Update (Jan 11): Good news! The teasing is over with OnePlus' final 10 Pro announcement. However we still have to wait to buy one outside of China.
Just when you think OnePlus has started to grow up, the company slides back into strange marketing gimmicks. This time, the Chinese phone maker has decided to go with a series of elaborate teases in the lead up to the launch of its latest phone, the OnePlus 10 Pro, in China — don't even get me started on the weird decision to launch the phone internationally months later.
We've had three announcements at time of writing, each detailing slightly more information (the first on the OnePlus 10 Pro design, the next on its specs and the third on its cameras). Teases are fine, but drip-feeding information like this is just annoying.
Take confidence in your product, and announce it outright. Tell us why we should care about it. This attempt to dominate the news cycle, especially during CES 2022, is peak OnePlus vanity.
I'm going to let you in on how things work in this industry in case you don't know already. Companies offer to send us information ahead of time as long as we agree to an embargo (or NDA, if you prefer). Usually, this is just one embargo that tells us about the product in detail so that we can have articles about it ready for you all when it's announced.
In this circumstance, OnePlus chose not one, not two or even three, but four separate embargoes relating to the OnePlus 10 Pro. That's practically asking for some journalist to accidentally post something they shouldn't. Publications (and sometimes the companies themselves) unintentionally break embargoes frequently enough that many writers and editors are extremely careful to check scheduled publish times.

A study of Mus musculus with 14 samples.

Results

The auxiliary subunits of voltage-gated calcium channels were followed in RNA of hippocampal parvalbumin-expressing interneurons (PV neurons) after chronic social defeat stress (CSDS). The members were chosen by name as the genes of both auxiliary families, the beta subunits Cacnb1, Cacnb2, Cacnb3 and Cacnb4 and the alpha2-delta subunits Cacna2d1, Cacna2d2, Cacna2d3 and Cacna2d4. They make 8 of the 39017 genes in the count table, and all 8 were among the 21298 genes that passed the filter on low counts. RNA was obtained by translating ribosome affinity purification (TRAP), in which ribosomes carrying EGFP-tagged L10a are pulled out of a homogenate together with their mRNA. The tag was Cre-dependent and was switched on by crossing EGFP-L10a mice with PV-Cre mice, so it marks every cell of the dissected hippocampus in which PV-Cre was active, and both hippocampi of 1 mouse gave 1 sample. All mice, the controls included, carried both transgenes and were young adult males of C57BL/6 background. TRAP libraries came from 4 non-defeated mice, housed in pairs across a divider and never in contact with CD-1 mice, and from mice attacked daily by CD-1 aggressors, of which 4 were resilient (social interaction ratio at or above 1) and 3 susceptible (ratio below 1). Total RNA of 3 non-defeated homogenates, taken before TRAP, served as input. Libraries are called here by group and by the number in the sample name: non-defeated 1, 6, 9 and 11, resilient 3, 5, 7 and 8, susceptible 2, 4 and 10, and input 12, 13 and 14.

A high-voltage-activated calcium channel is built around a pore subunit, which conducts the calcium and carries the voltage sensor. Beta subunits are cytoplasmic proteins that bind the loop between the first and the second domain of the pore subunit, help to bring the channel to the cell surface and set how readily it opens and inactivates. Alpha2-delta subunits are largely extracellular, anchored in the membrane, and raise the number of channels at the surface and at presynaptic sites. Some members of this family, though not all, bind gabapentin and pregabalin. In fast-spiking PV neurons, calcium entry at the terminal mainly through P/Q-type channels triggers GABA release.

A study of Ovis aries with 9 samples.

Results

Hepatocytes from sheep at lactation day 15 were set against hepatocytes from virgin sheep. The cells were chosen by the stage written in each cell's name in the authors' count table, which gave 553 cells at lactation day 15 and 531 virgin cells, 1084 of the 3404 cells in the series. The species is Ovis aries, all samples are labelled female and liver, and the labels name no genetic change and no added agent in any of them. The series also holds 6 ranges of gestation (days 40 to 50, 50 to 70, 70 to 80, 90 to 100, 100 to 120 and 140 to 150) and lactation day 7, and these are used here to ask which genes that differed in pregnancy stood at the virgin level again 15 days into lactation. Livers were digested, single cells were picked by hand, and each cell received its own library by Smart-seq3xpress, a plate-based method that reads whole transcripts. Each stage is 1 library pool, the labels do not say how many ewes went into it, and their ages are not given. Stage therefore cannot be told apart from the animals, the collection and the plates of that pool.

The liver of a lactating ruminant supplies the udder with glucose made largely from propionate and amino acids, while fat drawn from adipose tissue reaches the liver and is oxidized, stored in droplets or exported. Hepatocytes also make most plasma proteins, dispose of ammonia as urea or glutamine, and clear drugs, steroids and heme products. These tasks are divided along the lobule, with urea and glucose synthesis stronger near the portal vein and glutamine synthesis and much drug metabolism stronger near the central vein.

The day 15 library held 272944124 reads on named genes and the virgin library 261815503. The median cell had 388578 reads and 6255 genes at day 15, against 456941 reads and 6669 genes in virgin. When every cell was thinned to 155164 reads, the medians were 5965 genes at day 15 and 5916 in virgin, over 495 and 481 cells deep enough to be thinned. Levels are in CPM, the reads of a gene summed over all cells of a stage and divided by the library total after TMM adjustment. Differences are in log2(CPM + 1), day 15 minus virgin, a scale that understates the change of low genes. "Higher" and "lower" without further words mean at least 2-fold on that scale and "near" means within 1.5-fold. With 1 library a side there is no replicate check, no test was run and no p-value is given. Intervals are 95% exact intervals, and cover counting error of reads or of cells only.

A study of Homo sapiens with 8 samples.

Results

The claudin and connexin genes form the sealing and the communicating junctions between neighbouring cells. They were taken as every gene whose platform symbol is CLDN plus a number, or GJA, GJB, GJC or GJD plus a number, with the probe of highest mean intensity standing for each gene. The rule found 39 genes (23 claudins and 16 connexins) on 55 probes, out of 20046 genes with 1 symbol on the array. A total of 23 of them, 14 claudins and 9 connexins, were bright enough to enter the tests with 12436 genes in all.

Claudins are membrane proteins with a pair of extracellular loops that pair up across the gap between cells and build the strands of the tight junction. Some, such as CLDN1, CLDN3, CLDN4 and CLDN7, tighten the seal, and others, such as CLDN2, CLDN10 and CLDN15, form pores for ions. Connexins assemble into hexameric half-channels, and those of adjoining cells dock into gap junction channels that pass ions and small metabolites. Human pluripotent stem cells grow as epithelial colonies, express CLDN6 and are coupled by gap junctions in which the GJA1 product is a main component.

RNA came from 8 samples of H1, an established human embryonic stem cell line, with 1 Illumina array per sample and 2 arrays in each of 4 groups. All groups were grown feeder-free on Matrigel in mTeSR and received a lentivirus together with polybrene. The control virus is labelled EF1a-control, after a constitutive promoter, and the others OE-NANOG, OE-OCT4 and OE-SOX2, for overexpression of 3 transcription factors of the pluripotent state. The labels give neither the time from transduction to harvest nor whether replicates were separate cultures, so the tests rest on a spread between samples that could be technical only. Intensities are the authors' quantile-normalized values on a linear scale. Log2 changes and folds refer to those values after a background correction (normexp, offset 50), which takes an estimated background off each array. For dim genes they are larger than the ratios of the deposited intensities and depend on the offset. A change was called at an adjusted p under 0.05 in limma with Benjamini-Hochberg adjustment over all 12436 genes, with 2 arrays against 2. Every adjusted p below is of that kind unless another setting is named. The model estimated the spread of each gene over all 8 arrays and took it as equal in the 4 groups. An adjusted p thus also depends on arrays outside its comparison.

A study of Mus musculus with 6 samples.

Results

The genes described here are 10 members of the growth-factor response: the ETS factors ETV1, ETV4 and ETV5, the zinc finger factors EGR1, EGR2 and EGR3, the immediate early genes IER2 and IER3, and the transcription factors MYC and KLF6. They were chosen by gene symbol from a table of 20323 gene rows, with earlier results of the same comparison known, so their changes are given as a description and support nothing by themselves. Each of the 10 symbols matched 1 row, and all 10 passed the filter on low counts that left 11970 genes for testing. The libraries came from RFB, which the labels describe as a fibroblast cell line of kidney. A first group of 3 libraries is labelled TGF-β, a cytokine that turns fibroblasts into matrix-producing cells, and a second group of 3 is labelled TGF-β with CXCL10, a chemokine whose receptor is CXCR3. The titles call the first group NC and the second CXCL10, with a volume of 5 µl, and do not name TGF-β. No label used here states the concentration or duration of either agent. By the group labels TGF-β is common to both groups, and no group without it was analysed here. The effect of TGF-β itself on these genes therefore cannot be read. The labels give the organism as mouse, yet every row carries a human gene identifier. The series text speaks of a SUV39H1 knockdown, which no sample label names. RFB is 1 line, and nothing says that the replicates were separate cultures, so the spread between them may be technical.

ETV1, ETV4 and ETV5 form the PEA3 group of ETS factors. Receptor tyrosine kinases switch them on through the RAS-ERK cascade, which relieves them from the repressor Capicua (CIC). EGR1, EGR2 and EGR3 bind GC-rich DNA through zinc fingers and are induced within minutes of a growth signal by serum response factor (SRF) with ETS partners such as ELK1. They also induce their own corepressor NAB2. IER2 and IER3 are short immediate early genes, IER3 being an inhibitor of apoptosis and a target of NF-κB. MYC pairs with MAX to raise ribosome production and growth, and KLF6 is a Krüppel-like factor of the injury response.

OnePlus going this route has frustrated me to no end. Sure, OnePlus gets some extra attention each time one of the embargoes lifts. And sure, we're feeding right into the intent to generate hype leading up to the launch. I totally see why OnePlus did this, but that doesn't mean I have to like it. Nor does it mean that the press shouldn't admonish the company for this behavior.
From the days of old to trying to steal Samsung's thunder around the last round of foldables, OnePlus refuses to grow up. It likes to act like the upstart underdog it used to be, but that is no longer the case. OnePlus is a major player in the smartphone market, especially in its home country and India. I wouldn't excuse this behavior from Samsung, Xiaomi or Apple (as if that'd ever happen).
And even if OnePlus was still the little phone maker that could, I'd still lambast this behavior. This is very much a short-term gain with long-term consequences situation. OnePlus may enjoy the attention it craves now, but what about the next time it tries to spin up hype? There's only so much people, media or consumer, are willing to tolerate.
So, OnePlus, stick to just announcing the phone. We'll all be better off for it. Thanks.